Last month, an Associated Press poll showed that most Americans are returning to normal life for the first time since the pandemic began. Covid presented unique challenges, but also unprecedented opportunities for those interested in rebuilding their financial lives. The number of Americans starting a new business hit a record. Personal savings also soared, thanks to stimulus payments, a moratorium on paying student debts, and foregone spending on luxuries like travel.
One credit expert says that the pandemic has created the perfect opportunity to rebuild credit as the foundation for a brighter — and wealthier — future.
“As a consumer or business owner, great credit gives you access to unlimited potential,” says Keritan Shelby, CEO of JMS Consulting Firm, a business credit and credit repair firm he founded just two years ago. “As millions of people switch jobs, start new businesses and/or side hustles,” he adds, “it’s important to keep in mind five principles of credit repair.”
1. Don’t expect immediate results
If you file a dispute against a creditor, typically one of the first steps of rebuilding a credit profile, Shelby says that you must allow 30 calendar days for that creditor to respond to the dispute under the Fair Credit Reporting Act.
The law is designed to give credit bureaus time to work with both creditors and collectors to investigate the accuracy of each account in dispute.
Shelby advises patience and persistence. “Too many people become discouraged early on in the process,” he says, “but the law is the law. There’s nothing that you or a credit repair firm can do in those thirty days except wait.”
2. Change your habits
Sadly, the data shows that Americans’ savings habits have dropped back down below what they were before the pandemic.
This is due to both lower spending power and lower real wages; for these, thank inflation and the millions of workers who dropped out of the labor force in 2020.
But last month, the US finally gained back all of the jobs lost during Covid, giving the economy the equivalent of a fresh start.
Shelby says that, if you weren’t making ends meet or living on the edge before, it’s critical that you change your spending habits now.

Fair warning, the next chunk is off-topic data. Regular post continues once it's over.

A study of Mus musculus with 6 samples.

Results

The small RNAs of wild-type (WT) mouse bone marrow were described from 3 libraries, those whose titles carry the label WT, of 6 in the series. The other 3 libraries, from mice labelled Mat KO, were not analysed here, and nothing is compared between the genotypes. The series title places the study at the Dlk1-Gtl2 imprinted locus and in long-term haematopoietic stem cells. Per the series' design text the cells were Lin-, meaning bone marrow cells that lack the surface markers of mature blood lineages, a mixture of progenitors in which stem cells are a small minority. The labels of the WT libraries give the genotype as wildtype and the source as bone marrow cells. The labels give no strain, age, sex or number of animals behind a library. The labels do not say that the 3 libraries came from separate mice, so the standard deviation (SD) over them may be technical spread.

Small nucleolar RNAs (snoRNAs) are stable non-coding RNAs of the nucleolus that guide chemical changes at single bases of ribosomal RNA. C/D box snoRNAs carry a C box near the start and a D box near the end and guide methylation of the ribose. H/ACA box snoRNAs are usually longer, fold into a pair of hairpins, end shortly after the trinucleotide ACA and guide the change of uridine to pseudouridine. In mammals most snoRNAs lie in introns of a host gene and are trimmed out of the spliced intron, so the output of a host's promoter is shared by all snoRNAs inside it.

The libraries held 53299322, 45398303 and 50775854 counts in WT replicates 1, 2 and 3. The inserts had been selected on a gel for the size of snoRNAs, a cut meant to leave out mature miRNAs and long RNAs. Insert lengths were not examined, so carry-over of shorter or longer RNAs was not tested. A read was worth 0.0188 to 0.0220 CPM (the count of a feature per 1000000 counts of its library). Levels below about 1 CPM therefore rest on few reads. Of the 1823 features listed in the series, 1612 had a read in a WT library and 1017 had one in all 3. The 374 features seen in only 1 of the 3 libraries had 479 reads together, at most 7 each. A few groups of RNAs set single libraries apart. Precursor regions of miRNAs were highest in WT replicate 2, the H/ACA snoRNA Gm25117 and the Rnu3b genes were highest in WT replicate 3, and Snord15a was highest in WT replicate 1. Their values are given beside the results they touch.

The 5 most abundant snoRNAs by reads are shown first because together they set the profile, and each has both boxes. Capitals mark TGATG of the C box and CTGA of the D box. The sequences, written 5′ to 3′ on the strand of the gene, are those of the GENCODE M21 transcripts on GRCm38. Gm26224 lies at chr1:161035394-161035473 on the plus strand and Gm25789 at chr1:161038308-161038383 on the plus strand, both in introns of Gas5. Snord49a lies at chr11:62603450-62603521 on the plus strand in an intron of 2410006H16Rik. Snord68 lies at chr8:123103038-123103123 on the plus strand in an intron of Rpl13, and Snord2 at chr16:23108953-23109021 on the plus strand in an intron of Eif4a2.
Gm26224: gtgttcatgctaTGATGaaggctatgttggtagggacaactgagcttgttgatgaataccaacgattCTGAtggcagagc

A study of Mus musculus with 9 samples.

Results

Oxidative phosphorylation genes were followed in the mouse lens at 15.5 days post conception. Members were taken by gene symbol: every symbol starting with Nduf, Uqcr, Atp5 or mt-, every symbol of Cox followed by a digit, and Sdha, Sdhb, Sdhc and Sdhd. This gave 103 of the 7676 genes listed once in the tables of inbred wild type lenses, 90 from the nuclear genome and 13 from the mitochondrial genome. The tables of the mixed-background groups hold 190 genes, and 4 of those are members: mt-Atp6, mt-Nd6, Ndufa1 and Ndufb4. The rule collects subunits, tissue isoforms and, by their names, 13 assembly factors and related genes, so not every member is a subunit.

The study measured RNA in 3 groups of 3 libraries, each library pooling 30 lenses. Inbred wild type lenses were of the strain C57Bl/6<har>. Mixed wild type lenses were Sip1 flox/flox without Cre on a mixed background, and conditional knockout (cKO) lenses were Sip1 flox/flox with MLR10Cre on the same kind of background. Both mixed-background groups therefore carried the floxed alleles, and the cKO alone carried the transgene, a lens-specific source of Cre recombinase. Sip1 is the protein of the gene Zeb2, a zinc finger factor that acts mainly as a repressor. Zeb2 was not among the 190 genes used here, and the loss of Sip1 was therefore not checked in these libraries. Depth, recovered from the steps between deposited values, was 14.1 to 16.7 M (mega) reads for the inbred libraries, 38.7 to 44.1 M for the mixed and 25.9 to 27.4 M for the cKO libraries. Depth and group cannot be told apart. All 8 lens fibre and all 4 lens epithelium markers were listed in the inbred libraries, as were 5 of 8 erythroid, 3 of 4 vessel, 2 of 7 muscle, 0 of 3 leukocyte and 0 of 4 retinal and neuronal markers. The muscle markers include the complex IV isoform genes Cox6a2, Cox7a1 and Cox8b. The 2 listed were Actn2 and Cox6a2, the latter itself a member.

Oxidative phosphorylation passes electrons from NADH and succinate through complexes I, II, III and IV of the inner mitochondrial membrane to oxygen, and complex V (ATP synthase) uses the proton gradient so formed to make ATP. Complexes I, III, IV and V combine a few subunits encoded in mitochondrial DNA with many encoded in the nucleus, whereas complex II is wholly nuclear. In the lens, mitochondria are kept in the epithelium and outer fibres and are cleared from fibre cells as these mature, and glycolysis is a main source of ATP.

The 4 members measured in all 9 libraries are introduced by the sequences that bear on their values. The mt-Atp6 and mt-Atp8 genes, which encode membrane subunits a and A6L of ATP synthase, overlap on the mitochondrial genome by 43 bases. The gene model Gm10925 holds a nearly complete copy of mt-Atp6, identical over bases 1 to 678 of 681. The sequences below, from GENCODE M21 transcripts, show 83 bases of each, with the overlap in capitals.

“Higher prices for things like gas, food, and rent mean that most of us will be tightening our belts more than we would have back in 2019.
Stop thinking about going back to normal and consider a new normal,” he advises.
3. Understand your credit score
Practically everyone has been told to “know their score,” but many of us are still falling far short. Many of Shelby’s clients simply assume that they know what makes a great credit score; if they’re already doing the right things, why bother checking in?
Multiple studies have shown that about 4 in 10 Americans don’t know their credit score, which is actually far lower than a 2015 Lending Tree study, so most of us seem to be getting the message.
For those that haven’t, keep in mind that your credit score not only determines the credit you’re entitled to, but, more importantly, the price of that credit.
“It’s almost impossible to increase your score until you understand it,” Shelby says. “Knowledge is power and, in this case, money.”
4. Pay on Time
The most important factor of a high credit score is still paying on time. After all, if someone is going to extend credit to you (or your business), the first thing that they’ll want to know is whether or not you’re going to pay on time.
Shelby says that this is actually a good thing because it means that you can get the least expensive credit simply by holding yourself accountable every month.
Remember that creditors who don’t care if you pay on time — or don’t want you to pay on time — generally make their money on expensive (and often hidden) fees that can add up quickly and sabotage your rebuilding efforts.
5. Monitor your credit score but also your report
It’s always important to know where you stand. Yet, according to a Consumer Reports study titled “A Broken System,” more than one-third of us have uncorrected mistakes on our credit reports.
Shelby says that these errors could easily cost us thousands of dollars in higher interest rate costs and other fees.
Or, they might deny us the needed credit to grow or start a business. Taking control of our financial future increasingly means taking control of our data.
“But,” he adds, “there is a silver lining here too: access to your report is free, and you should be able to score some easy wins right away. After clearing away the clutter, you may find that you’re already on the road to financial success.”